Jenny Slate pairs up with her “Obvious Child” team again in “Landline,” a family dramedy set in 1990s Manhattan. The film skates by on the appeal of the setting to a large degree, serving up Zima and a satisfying soundtrack, but there is also a strong family dynamic, well-portrayed by a great cast, amid the pleasures of ‘90s nostalgia.
Slate plays Dana, a young woman who lives with her fiancé (Jay Duplass) in a relationship that feels a little too comfortable even before they are married. Her younger sister is a defiant high school senior, Ali, played with a powerful combination of anger and vulnerability by Abby Quinn. The girls’ ferociously intelligent, bickering parents are played by Edie Falco and John Turturro, a wonderful onscreen pair. Falco resents their good cop/bad cop dynamic with their daughter, and theirs is a well-played representation of parenthood.
Ali finds a chink in her angry, know-it-all armor when she stumbles upon evidence her father is having an affair. It turns out there is something she really cares about, and the setup does such a good job of showing how much this teenager relies on family stability, specifically as she experiments with moving away from it. She may not take her own relationship with her sometimes-boyfriend seriously, but her parents’ marriage and even her sister’s engagement are constants that Ali didn’t realize she counted on until they were threatened.
Dana gets a wandering eye, too, when she runs into a college friend at a party. It’s unclear whether his appeal is that he is from an earlier time in her life, or if she really prefers him to her fiancé. That’s what makes the situation interesting, in that the relationships are also about a longing for a different time, not just a different person.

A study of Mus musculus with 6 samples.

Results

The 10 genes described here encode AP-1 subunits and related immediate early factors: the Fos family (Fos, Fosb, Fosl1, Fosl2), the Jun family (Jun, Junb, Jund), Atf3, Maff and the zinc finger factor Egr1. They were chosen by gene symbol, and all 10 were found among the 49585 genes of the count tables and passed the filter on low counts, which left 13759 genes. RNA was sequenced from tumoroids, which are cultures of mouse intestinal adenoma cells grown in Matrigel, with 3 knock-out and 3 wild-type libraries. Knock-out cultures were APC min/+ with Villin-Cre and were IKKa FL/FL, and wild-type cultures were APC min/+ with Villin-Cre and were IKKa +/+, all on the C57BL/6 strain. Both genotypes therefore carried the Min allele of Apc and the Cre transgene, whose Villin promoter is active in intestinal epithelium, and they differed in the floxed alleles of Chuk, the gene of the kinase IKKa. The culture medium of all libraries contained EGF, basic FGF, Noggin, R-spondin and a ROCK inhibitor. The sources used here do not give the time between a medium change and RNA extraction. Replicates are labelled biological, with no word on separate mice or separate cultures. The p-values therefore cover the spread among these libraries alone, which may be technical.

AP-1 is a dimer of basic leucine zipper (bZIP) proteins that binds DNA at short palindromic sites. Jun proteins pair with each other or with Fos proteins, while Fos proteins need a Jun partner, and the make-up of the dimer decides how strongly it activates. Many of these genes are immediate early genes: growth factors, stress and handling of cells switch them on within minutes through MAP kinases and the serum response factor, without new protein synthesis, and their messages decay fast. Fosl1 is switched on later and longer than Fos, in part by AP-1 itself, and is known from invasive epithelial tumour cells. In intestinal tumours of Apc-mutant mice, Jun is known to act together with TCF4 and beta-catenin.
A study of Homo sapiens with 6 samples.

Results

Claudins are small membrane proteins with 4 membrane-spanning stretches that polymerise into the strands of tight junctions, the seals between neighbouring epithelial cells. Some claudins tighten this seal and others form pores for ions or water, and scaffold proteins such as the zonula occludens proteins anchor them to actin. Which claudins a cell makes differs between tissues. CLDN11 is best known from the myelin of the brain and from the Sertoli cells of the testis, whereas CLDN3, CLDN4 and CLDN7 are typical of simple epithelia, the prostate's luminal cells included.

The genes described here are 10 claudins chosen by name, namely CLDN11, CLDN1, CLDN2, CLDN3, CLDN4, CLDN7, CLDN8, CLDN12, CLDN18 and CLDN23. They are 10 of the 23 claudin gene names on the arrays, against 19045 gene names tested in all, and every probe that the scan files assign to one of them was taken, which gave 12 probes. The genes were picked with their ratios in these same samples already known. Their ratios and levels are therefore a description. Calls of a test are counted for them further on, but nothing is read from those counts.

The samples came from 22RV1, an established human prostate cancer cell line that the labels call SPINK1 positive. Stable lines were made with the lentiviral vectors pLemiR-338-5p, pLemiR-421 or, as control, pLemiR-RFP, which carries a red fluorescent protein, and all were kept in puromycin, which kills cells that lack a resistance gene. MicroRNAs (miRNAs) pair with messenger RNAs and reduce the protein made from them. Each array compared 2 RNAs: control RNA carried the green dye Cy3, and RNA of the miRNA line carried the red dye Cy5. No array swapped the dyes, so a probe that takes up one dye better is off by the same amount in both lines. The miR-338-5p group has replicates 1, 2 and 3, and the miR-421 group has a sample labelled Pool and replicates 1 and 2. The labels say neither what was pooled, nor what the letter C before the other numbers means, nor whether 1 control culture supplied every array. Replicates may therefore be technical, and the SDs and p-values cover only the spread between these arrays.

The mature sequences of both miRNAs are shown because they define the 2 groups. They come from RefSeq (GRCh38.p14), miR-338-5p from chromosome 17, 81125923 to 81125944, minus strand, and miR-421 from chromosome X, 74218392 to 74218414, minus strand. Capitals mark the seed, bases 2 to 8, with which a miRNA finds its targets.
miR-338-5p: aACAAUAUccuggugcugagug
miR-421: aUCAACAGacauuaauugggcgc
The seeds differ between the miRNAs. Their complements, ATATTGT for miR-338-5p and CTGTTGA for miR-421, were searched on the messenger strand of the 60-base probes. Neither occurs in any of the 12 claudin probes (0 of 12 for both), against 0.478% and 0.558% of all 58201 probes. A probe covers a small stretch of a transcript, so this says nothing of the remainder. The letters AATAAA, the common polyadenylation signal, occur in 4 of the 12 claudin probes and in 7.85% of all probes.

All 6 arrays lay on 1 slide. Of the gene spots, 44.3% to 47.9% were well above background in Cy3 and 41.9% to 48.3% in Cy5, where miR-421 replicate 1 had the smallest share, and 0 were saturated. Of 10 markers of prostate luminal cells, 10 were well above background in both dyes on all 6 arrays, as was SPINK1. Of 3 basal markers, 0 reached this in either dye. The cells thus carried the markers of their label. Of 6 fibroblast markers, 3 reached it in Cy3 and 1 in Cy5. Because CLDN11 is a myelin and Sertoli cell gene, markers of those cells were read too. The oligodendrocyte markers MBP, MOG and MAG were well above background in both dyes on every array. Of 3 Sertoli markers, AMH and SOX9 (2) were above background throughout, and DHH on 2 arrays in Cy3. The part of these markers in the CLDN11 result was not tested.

Jenny Slate is amusing and believable, but I thought she had more feel for her character, which was better developed, in “Obvious Child,” and she is upstaged by her younger sister. Their relationship is my favorite in the film. It becomes very moving to see them together and gives us a great window into the life of their entire family.
The performances are all good, but the script doesn’t always deliver. While the story is well-written overall, the dialogue is not always convincing, especially in a series of emotional climaxes and confrontations. This is just a nice little relationship film with some extremely recognizable plot points. If you’re going to tell a rather unsurprising story, the predictability should be mitigated by some well-written wisdom. It’s not unusual for young people to be afraid of getting married, so when they finally discuss it, the hackneyed must be avoided. Some of these lines could have used another draft.
“Landline” is worth watching if only for the combination of John Turturro and Edie Falco. These two veteran actors create a deeply felt, nuanced and complicated partnership that feels unusually equitable despite their many problems. They show us the years spent together, in flashes, and this story, despite some flaws, is in very good hands with these two.
The family in “Landline” is believable, funny and maybe a bit too recognizable to make for a truly memorable film, but their story is worthwhile in its own quiet way.
“Landline” is currently available to rent.